Handmade Eco Jewellery Hits the Mainstream
Image by B. Alter: Ute Decker
Ethical jewellery is hitting the mainstream now. There are more and more designers working with ethical materials and the public is becoming more interested and concerned about the provenance of their jewels. This year, London Jewellery Week featured ESSENCE, a whole section of beautiful eco, ethical jewellery styles to suit every taste and price range.
The mix of offerings was a reflection of the whole show: There were some conventional eco designers and some way-out pieces. No longer is ethical jewellery confined to the hippy edges of the market. Ute Decker works with a range of sustainable materials to create her modern, silver bracelets and rings.
Decker makes her silver pieces out of recycled silver from a supplier (CRED Sources) in the UK. She uses bio-resin made from grapefruit for some of her funkier red necklaces, one of which won a Show Prize. Her architectural pieces, based on a Japanese ethos, are minimalist and striking.
By contrast, Avasarah makes these delicate and detailed necklaces with inspirational sayings around the rim. Called the Talismanic Collection, these recycled sterling silver discs are finished with semi-precious stones such as topaz and moonstone from India. One says"Walk gently, breathe deeply, laugh freely." Another says "My path is clear, angels' light my way." The designer says that because these particular pieces convey a strong emotion, friends give them to one another on special occasions: birthdays, divorces and anniversaries.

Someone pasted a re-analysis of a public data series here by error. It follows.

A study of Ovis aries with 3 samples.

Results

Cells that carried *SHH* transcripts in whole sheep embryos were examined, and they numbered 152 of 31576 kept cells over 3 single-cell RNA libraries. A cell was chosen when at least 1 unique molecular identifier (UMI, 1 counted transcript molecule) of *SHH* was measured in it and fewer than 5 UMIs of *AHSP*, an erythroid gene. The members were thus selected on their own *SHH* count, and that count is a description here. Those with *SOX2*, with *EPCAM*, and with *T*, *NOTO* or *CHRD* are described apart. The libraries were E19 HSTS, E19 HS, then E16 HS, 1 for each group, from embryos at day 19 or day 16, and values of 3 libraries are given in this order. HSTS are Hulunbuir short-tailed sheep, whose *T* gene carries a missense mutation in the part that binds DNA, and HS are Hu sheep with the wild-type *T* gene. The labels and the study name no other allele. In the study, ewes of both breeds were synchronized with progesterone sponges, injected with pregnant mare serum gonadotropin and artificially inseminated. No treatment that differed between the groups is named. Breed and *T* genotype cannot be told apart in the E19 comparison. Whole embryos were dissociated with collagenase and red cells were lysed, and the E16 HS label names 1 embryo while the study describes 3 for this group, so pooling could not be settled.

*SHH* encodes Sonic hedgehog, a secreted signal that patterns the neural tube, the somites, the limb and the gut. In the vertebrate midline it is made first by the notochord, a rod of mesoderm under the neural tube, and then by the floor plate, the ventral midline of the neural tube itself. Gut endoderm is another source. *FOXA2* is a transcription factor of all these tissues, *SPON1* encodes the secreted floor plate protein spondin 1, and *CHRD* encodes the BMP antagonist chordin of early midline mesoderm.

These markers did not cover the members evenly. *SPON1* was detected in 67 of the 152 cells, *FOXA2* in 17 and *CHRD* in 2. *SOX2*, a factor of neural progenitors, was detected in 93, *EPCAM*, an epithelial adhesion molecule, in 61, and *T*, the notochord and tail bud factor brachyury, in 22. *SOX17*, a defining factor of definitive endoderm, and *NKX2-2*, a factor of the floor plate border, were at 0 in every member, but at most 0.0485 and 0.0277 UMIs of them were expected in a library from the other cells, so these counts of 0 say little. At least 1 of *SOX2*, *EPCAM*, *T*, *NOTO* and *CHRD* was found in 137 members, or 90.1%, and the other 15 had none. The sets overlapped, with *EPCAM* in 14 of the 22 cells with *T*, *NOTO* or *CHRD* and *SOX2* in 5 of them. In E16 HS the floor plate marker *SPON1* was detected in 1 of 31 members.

Image by April Doubleday
Make April Doubleday an honorary Canadian: her brother lives in Toronto and she has been to Algonquin Park and the Queen Charlotte Islands. Now that's eclectic, as is her jewellery. Some of her work is made from recycled silver, other is made from gold from the Ore Verde, the green gold mine in Columbia. She makes lovely engagement rings, with Canadian diamonds, and knows the provenance of the stones in them, because couples want that information now.
CRED was one of the pioneers of the Fairtrade jewellery movement. They were the first European retailer to sell certfied Fair Trade gold and ethically sourced stones. They worked with the Oro Verde green gold mine in Columbia, a small scale mining operation which "seeks to preserve the unique and vital virgin rainforest ecosystems while providing a fair, regular source of income to miners, their families and their communities. "
Keren Cornelius makes necklaces out of old yarns and old threads. The very delicate threads are hand spun and hand dyed. She uses old buttons found in charity shops as decoration, interspersing them through the necklaces. Sometimes she winds the old threads through silver chains to give a glittering effect. She is inspired by the costumes in the opera world, each one used and repaired and patched over the years. Her jewellery has that textural feeling with rows of stitching and hours of labour. Each piece is named after the length of time it took to make it: Unlimited Hours, 28 Hours, 15 Hours and Limited Hours.